Researchers have identified a large number of structural variations in the genomes of pearl millet, a crop that grows in arid and semi-arid regions1. The variations affect the expression of specific genes that helped the plant to cope with high temperatures as it became domesticated.
The genes are related to endoplasmic reticulum, a cellular organelle that acts as a scaffold for protein synthesis.
The researchers say this study provides a foundation for generating more robust crops able to withstand the changing climate.
Few studies have thrown light on how pearl millet responds to heat stress. To better understand this, scientists sequenced pearl millet genomes from eight major geographical regions.
The team, which included a researcher at the International Crops Research Institute for the Semi-Arid Tropics in Hyderabad, zeroed in on 424,085 genomic structural variations. They found expansion of specific genes that belong to a transcription factor family called RWP-RK. This family of genes is known to respond to environmental stresses such as heat.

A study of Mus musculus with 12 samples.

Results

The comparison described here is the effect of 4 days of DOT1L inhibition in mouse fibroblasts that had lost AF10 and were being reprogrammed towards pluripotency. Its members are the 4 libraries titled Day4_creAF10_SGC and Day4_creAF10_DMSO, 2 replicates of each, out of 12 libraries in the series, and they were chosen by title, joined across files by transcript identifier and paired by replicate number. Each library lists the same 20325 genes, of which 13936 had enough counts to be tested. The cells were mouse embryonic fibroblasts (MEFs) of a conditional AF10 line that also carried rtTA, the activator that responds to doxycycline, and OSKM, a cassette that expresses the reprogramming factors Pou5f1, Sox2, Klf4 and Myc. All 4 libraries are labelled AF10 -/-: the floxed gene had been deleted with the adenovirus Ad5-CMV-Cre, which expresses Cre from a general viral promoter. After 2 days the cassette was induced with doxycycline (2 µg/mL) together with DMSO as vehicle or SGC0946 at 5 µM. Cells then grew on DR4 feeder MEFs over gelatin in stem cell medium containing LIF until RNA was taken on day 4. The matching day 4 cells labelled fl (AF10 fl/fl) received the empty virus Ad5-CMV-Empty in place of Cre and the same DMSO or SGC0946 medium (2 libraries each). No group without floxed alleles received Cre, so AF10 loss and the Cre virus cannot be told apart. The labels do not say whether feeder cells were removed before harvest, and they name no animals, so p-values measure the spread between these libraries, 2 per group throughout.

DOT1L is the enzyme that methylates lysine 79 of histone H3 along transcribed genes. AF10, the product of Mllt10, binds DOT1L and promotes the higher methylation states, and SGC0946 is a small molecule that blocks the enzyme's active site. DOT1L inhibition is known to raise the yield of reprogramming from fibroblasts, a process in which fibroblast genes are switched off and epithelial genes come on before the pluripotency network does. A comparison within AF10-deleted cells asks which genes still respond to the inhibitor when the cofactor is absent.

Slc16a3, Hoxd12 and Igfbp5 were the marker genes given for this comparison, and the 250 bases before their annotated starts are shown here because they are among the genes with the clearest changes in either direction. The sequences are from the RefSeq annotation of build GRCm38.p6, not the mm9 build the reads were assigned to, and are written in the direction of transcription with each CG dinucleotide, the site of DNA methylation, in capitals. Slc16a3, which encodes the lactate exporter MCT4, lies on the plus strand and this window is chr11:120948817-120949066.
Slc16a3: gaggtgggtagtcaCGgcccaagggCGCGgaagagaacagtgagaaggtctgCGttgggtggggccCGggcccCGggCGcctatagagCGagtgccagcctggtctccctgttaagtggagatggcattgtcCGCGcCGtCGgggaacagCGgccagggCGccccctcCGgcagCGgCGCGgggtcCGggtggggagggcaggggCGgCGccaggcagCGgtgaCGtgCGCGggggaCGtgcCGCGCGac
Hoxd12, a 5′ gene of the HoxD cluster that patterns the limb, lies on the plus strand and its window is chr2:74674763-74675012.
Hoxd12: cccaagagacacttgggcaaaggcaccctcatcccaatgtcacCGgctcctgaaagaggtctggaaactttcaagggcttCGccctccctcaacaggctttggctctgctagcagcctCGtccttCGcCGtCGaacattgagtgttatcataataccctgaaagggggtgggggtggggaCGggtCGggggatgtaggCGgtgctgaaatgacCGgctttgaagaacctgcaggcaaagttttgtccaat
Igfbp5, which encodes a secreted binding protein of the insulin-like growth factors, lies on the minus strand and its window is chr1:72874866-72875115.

The leaves of a transgenic rice plant expressing a pearl millet RWP-RK gene withered less than the leaves of wild-type rice plants when subjected to high temperatures. The activity of this gene also increased the levels of antioxidant enzymes in the transgenic plants after exposure to heat stress.
The researchers detected that genes located near structural variations are probably more responsive to heat stress. They say these results will help select suitable targets for breeding stress-tolerant pearl millet.